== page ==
High cholesterol is one of the various atherosclerosis risk factors. If a person’s low density lipoprotein cholesterol (LDL) is over 160 mg/dL (4.144 mmol/l) or if his overall cholesterol level is over 200 mg/dL (5.18 mmol/l) he could be at risk. Similarly, high blood pressure can also contribute to atherosclerosis. A person with a blood pressure of 140/90 mmHg is often seen as being at risk. For a person with a kidney disease, that number is reduced to 130/80 mmHg.
If a person does not get enough exercise, he may gain weight. Inadequate exercise and being overweight or obese are two more atherosclerosis risk factors. The term “overweight” denotes a condition where a person carries too much weight due to muscle, bones, water, or fat, and “obese” denotes excess weight because of fat. In order to help reduce atherosclerosis risk, a person only has to exercise about 30 minutes most days of the week. Similarly, if a person were to lose weight, his risk would likely decline.
Smoking is another of the atherosclerosis risk factors. A person who smokes cigarettes drastically increases his risk. Second-hand smoke and smoking cigars or pipes can also increase a person’s risk. Other effects of smoking include increased blood pressure and cholesterol levels. Smoking may also cause damage to blood vessels and can cause them to constrict.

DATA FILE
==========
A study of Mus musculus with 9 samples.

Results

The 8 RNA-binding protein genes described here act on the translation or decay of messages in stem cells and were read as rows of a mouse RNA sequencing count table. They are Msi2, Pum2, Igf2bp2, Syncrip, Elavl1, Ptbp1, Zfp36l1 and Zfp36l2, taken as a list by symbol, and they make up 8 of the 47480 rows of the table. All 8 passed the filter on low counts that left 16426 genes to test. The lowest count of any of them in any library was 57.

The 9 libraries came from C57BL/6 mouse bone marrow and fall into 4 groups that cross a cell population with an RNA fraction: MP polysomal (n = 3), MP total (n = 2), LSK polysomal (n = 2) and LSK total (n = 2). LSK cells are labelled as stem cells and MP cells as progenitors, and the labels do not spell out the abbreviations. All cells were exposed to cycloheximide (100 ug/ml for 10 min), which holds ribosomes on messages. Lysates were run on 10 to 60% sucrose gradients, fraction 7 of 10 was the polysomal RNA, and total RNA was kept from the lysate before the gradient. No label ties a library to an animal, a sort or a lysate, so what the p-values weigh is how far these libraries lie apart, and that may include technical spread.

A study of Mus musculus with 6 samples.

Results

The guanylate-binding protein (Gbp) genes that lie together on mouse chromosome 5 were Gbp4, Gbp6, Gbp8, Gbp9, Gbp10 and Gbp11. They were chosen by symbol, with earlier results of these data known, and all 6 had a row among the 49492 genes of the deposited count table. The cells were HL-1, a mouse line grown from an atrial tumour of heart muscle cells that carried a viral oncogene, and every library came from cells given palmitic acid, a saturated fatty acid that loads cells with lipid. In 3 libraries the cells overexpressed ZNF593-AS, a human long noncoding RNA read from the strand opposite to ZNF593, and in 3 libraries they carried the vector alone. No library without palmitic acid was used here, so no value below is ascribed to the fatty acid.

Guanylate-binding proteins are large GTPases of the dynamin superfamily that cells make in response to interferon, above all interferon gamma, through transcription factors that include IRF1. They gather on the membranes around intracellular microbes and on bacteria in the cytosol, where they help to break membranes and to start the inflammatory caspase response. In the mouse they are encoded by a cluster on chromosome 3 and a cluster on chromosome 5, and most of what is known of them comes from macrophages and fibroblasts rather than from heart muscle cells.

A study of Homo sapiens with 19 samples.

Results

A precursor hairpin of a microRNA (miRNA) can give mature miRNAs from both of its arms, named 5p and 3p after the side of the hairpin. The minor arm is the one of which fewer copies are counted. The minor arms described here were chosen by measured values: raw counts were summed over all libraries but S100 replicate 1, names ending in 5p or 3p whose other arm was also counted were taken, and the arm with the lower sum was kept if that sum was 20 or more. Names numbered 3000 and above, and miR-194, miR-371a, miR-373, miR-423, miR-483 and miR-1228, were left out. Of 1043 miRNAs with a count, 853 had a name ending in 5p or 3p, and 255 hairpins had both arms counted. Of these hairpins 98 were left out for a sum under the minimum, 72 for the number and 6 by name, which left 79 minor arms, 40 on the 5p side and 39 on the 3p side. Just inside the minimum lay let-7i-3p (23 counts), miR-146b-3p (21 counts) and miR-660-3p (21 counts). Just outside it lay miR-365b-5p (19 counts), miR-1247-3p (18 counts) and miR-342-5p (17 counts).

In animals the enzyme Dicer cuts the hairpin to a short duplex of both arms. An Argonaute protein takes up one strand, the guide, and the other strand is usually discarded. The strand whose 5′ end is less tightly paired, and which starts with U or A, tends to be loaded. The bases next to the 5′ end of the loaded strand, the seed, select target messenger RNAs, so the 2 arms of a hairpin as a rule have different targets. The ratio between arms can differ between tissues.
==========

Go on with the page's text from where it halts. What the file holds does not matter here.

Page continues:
Another of the atherosclerosis risk factors is family history. If a man in a person’s family, such as his brother or father, had heart disease before turning 55, that person could be at risk of atherosclerosis. Similarly if his mother or sister has been diagnosed before she turned 65, he may also be at risk. Age is another of the atherosclerosis risk factors. Men 45 and over and women 55 and over are often seen as being at an increased risk of developing this condition.
Other atherosclerosis risk factors include having diabetes. Both type I and type II diabetes can increase a person’s risk for the condition. A high amount of C-reactive proteins (CRP) present in the blood may also indicate risk. Greater levels of C-reactive proteins are present in the body when inflammation is present. It is thought that inflammation caused by damage to the interior artery walls may encourage plaque to build up.